At Sunovis Ranch near Trafalgar, Franklin College students led dozens of sheep through a narrow alleyway formed out of wire.

The students, and the sheep, were taking part in an experiment that would reveal new information about grazing. Their seemingly mundane activity was part of a larger project to model what rotational grazing on farmland could look like in the future.

Through the farming strategy, sheep rotate from one area of the farm to another, all under the shade of solar panels, to prevent overgrowth of weeds and other plants in certain areas.

While solar panels are not present at Sunovis Ranch, near the intersection of State Road 135 and State Road 44, if students can help successfully model the rotational grazing strategy, it could be used at a variety of farms that hadn’t previously considered solar panels, said Paul Cummings, who’s worked in the renewable energy industry for 15 years and owns Sunovis Ranch.

A $1,400 grant from the Indiana Sheep and Wool Market Development Program served as the catalyst for the Franklin College study, which will have ten students study sheep rotational grazing strategies over the course of two years, said Ben O’Neal, a biology professor at Franklin College. Some of the students will rotate out when they graduate, O’Neal said.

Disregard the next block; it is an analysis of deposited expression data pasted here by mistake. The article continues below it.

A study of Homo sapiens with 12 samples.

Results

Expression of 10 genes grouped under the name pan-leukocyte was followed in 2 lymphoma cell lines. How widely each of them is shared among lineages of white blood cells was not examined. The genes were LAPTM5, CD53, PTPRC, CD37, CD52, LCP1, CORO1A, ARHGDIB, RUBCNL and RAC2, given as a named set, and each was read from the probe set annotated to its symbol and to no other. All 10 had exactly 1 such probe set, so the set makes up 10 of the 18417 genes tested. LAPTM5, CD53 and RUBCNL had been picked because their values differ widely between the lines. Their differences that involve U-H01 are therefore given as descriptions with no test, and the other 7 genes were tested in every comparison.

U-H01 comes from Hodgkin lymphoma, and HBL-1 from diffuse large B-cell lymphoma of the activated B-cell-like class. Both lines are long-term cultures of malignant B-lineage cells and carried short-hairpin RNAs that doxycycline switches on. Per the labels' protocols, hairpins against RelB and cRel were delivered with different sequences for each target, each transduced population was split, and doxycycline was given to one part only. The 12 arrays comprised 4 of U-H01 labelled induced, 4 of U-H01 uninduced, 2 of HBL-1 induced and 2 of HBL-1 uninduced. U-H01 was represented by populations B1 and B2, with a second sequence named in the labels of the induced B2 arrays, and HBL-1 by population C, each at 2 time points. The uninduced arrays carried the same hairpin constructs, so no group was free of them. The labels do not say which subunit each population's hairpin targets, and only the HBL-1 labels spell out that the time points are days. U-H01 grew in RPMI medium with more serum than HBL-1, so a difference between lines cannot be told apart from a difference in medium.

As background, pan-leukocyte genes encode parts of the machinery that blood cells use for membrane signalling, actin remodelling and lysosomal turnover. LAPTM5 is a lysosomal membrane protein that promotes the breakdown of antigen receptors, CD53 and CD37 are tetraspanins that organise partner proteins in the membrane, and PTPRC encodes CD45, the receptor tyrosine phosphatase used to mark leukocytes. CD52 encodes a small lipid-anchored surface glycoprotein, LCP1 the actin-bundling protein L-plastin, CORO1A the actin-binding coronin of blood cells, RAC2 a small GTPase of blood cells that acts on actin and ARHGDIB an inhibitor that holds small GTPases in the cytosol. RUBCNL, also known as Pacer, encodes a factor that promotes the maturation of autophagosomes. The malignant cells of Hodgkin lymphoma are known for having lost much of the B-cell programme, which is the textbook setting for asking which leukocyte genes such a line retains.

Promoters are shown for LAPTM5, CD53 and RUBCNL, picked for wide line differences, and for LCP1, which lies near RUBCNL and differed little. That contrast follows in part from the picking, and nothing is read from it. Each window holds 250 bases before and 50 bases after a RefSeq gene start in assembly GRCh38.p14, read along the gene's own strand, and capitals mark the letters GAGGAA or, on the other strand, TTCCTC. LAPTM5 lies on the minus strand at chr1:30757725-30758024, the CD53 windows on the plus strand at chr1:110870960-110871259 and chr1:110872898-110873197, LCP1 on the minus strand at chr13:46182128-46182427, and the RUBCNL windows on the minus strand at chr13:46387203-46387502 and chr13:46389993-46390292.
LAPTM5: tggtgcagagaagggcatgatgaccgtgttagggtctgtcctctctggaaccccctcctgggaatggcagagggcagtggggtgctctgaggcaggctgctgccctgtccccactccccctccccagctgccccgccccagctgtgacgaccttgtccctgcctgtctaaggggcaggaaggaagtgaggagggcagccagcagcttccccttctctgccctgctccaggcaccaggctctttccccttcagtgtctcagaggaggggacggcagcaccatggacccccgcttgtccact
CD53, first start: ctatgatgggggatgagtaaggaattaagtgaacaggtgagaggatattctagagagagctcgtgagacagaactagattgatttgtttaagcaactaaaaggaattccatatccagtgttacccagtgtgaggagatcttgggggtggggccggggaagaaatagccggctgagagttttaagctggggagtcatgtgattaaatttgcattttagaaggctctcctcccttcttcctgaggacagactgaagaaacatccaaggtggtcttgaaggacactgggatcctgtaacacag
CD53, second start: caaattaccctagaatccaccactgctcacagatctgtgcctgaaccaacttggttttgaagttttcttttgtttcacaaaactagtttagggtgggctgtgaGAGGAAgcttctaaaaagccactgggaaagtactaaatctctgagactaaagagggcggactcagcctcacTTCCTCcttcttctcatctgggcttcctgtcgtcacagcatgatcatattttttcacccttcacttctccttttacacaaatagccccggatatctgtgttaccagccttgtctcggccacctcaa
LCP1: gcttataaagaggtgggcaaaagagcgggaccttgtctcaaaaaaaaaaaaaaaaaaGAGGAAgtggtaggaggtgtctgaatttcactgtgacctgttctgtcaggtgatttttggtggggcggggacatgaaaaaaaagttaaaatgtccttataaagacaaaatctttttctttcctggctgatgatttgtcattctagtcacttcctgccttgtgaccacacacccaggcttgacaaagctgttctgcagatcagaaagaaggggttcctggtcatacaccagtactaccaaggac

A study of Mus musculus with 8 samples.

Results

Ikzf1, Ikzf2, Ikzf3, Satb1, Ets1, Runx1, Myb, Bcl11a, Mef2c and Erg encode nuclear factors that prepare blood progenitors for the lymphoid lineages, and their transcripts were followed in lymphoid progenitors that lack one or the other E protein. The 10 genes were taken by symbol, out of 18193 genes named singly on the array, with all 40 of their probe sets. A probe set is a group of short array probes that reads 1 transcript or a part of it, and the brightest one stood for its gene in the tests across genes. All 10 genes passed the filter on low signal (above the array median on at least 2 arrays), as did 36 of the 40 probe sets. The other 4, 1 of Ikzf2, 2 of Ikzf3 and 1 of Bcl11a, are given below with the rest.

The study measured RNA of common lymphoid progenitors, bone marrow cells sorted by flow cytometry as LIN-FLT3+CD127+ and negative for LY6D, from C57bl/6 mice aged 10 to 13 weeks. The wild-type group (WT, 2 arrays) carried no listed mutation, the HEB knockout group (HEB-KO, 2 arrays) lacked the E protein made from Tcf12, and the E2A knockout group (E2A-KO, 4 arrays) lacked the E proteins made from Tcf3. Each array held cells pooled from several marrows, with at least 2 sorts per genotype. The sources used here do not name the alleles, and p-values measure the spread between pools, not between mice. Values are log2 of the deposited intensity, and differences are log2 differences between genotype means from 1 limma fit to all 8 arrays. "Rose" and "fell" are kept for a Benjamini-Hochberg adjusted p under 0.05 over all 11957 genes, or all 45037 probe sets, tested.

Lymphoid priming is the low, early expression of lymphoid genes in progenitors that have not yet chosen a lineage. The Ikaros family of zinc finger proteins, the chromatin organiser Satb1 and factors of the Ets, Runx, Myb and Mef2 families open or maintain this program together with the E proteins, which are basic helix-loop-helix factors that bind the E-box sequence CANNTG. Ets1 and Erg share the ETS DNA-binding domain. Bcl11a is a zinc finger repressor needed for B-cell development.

“Franklin College is always looking for ways to take areas of expertise from students and faculty and connect it with the community with real needs,” he said. “We want to take learning from the academic classroom to the real world. We want to use what we’re doing to accomplish things rather than just talking about them.”

O’Neal connected 10 of the school’s pre-veterinary students to Cummings’ farm. The project had two main goals: giving the students real-world experience to help them further their veterinary careers, and also to help the students work with sheep and better understand them.

The implications for the solar industry are secondary, Cummings said.

“The solar benefits, you never know what that looks like down the road and we may add more projects down the road, we’re not ruling it out. We’re excited about the solar aspect but the driving force is giving them opportunities,” he said.

Isabel Sanchez, a Franklin College student who recently completed her sophomore year, is interested in what the project can do when it comes to renewable energy.

“I hope to get a good experience out of it, especially on the renewable energy and plants side of things,” Sanchez said. “Even though I’m interested in renewable energy, plants are still a big part of my life.”

Samantha Schick, also heading into her junior year, first got into working with animals by visiting her grandfather’s ranch in Texas.

“I’ve worked at a vet for a while now and I’ve always been interested in learning more about large animals,” Schick said. “(It’s interesting) looking at how different protein levels and the amount of water in the plants affect the health of the sheep. I hope we’re able to answer some questions and get other people interested.”